On a 12-week journey aboard a tall ship in the South Pacific, GW students combined oceanography research on environmental threats with the rigors of seamanship.
At latitude 42 degrees South, longitude 165 degrees West—somewhere in the middle of the South Pacific Ocean, roughly 200 nautical miles east of New Zealand—Lily Anna Segalman got her sea legs. An environmental studies major, Segalman held steady to the rail of the tall ship—a 135-foot Brigantine named the Robert C. Seamans—as 20 foot swells sprayed her head to toe with salt water. For the first time since setting sail 10 days earlier, she stumbled across the wooden deck in 25 knot winds without getting seasick.
“I considered that a major victory,” she laughed. “I wouldn’t say I was a sailor yet. But it was a start.”
Lily Anna Segalman navigates with a sextant. (Photo courtesy: Lily Anna Segalman)
Segalman was in the midst of a 12-week journey at sea. Along with 13 other students from 12 different schools—including Turi Abbott, an international affairs major and environmental studies minor—she enlisted in the Sea Education Association’s SEA Semester, a study abroad program that combines oceanography research with basic seamanship. Segalman, a rising senior, and her shipmates spent 37 days aboard the Robert C. Seamans on a 3,900-mile voyage through French Polynesia—virtually of all it without seeing land or another ship—before dropping anchor in Tahiti. Along the way, they conducted hands-on environmental research into the man-made dangers facing the ocean and sea life. And, by the end of their trip, Segalman, a professed landlubber, could stitch sails, tack through the wind and navigate the open ocean by charting the stars.
“When I set foot on the boat, I didn’t know the difference between port and starboard,” she said. “When we finally made land, I couldn’t wait to get back out to sea.”
Since 1971, SEA Semester has hosted more than 8,000 students traveling over a million miles on maritime missions. Students conduct scientific research on threats to the health and sustainability of the world’s oceans—such as climate change, marine pollution, habitat loss and overfishing—while also learning all the duties of a ship’s crew.
Neither Segalman nor Abbott had much sea experience, but both had a passion for environmental studies. At GW, Segalman worked with Assistant Professor of Biology Keryn Gedan on measuring the impact of rising sea levels on the Chesapeake Bay tidal marshes. SEA Semester gave her the opportunity to use the entire South Pacific as her lab.
“I thought this was a once-in-lifetime experience to do what really only oceanographers get to do,” Segalman said, noting that, while the ocean covers three-quarters of the earth, 90 percent remains largely unexplored. "I thought the best way to learn what was going on out there was to see it first-hand.”
After a training and study program at SEA’s oceanographic research center in Woods Hole, Mass., the crew set sail. The first leg of the journey focused on turning student-scientists into sailors. In addition to taking classes from faculty on board, the students worked rotating shifts—six hours on watch, 12 hours off—maintaining all aspects of the boat. They monitored the gusty winds that swirled through the Pacific in the wake of Cyclone Debbie. They manned the engine room, towed tuna nets and took turns standing lookout from the ship’s bow.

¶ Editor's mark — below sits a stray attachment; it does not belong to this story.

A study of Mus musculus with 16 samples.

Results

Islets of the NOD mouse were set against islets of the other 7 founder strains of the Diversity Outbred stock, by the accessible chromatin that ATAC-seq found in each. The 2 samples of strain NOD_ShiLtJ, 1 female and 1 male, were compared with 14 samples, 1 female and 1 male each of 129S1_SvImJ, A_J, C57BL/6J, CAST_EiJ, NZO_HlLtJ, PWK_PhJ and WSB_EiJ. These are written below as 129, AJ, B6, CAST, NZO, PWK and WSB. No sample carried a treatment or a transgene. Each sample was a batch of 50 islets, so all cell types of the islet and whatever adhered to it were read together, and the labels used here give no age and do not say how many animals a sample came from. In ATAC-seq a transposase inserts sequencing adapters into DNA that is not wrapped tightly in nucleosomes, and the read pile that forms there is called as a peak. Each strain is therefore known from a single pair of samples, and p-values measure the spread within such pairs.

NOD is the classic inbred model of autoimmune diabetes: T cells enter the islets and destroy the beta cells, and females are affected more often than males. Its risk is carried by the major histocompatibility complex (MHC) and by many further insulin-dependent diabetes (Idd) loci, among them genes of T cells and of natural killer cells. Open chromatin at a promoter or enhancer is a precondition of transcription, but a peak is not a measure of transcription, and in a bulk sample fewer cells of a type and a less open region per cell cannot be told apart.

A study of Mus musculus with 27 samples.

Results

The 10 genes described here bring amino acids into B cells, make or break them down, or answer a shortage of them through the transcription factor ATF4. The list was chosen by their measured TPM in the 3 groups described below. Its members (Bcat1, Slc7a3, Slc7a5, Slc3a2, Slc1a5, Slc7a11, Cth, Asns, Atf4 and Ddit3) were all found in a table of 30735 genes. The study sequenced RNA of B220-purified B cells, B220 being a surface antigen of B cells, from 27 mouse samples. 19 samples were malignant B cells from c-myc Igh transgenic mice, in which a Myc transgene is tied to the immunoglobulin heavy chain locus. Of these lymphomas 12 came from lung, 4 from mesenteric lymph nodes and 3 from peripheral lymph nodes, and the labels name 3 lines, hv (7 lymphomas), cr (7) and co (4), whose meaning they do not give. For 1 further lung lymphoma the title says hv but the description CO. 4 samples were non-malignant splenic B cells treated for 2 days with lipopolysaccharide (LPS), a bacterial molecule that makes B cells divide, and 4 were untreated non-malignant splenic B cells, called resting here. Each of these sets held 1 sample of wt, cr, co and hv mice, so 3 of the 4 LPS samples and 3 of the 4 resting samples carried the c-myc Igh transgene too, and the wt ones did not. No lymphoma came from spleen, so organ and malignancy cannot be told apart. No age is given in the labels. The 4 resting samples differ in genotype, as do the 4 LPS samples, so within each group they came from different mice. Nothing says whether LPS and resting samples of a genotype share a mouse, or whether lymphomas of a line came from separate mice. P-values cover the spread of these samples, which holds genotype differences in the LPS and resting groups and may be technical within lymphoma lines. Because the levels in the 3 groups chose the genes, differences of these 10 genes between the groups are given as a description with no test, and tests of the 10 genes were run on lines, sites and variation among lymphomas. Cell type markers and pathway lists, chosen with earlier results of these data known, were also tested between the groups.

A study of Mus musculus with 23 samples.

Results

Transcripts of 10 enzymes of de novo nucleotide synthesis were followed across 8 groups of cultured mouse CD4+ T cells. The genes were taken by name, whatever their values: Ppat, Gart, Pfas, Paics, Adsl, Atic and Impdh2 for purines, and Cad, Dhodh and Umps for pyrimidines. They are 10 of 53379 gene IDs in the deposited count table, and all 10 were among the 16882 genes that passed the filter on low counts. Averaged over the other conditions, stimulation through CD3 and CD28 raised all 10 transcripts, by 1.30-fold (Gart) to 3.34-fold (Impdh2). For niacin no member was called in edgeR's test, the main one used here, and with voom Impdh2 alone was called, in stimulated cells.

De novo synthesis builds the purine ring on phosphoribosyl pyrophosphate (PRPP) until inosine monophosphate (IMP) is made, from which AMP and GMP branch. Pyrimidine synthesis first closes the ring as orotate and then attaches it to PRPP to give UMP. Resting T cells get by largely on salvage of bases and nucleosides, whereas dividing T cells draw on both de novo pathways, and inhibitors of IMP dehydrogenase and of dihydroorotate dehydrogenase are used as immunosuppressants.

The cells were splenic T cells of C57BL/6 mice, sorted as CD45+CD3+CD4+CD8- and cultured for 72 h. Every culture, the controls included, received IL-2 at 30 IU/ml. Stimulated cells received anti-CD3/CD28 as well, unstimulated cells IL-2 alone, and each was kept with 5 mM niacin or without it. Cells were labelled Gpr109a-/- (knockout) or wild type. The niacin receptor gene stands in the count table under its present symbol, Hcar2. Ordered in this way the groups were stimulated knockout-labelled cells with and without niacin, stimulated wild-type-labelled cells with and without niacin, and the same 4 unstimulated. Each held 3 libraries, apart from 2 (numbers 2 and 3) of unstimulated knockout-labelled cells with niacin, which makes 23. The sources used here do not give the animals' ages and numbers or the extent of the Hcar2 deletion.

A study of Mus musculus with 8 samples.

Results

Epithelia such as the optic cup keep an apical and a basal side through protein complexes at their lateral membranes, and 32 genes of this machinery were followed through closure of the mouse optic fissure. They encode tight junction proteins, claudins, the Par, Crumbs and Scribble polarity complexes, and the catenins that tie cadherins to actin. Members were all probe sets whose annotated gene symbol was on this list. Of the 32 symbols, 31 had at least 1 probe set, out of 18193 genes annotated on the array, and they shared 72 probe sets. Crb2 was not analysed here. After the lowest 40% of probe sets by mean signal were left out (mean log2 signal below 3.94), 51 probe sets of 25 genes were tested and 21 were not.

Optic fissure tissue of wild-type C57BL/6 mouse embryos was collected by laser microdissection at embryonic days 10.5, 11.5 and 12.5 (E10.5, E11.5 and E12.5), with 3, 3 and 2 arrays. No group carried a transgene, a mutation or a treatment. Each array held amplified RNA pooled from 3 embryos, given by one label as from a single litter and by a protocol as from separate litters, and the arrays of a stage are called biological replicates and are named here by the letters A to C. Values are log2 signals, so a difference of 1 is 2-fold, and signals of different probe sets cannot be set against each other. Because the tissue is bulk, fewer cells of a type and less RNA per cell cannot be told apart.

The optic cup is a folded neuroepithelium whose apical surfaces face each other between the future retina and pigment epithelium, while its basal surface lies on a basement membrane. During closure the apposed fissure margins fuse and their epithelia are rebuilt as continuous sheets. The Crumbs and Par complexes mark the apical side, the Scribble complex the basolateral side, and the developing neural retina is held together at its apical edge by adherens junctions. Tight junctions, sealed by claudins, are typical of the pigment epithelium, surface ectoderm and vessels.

With only a thin curtain to shut off their bunks, privacy on the boat was as rare as the infrequent hot showers. Still, Segalman and Abbott say they hardly missed the comforts of home. After a long day of rigging sails with callused hands, they met on deck each evening and watched the sun sink below the Pacific horizon. They marveled at the diversity of marine life surrounding the boat, from dolphins swimming among bioluminescent plankton to pyrosomes, inch-long organisms that that glow through the water in giant tubular colonies.
“We were with the same 14 people in close quarters for all that time and rather than getting tired of each other, we just drew closer,” Abbott said. “I know I will be friends with these people for the rest of my life.”
For her research project, Segalman tested the ocean water for evidence of micro-plastics—remnants of which were found in virtually every sample. “It’s astounding that we found so much plastic—essentially a huge trash heap—in the middle of the South Pacific,” she said. Her findings point to the density of plastic polluting the world’s oceans and the sheer volume of industrial chemicals that find their way to even the most remote corners of the world. “There’s not much out here. There aren’t many other humans or vessels or development. That means this plastic is traveling throughout the entire ocean to get here.”
The Robert C. Seamans, a 135-foot Brigantine ship on the South Pacific Ocean. (Photo courtesy: Turi Abbott)
In early May, the crew made landfall in Pape'ete, Tahiti. At first, the ground felt unsteady to Segalman. The rush of sensations—from dodging pedestrians on sidewalks to stomaching the mulch-like smell of fresh dirt—were as overwhelming as the saltwater waves weeks before. “When you’ve been off-land for so long, it’s hard to manage all of the sights and smells and movements that suddenly rush at you,” Abbott said.
Segalman isn’t ready to trade in her lab coat for a scuba suit yet—although she jokingly wonders whether the GW Sailing Team has room for a scientist who can chart their global positioning with sextants and celestial bodies. She’s spending the summer on dry land, continuing her Chesapeake Bay research with her professor. Still, she said, she misses waking up to an alarm clock rather than a Pacific sunrise. “I took a lot of memories and experiences off that boat that will stay with me for a lifetime—whether that’s a lifetime on land or at sea,” she said.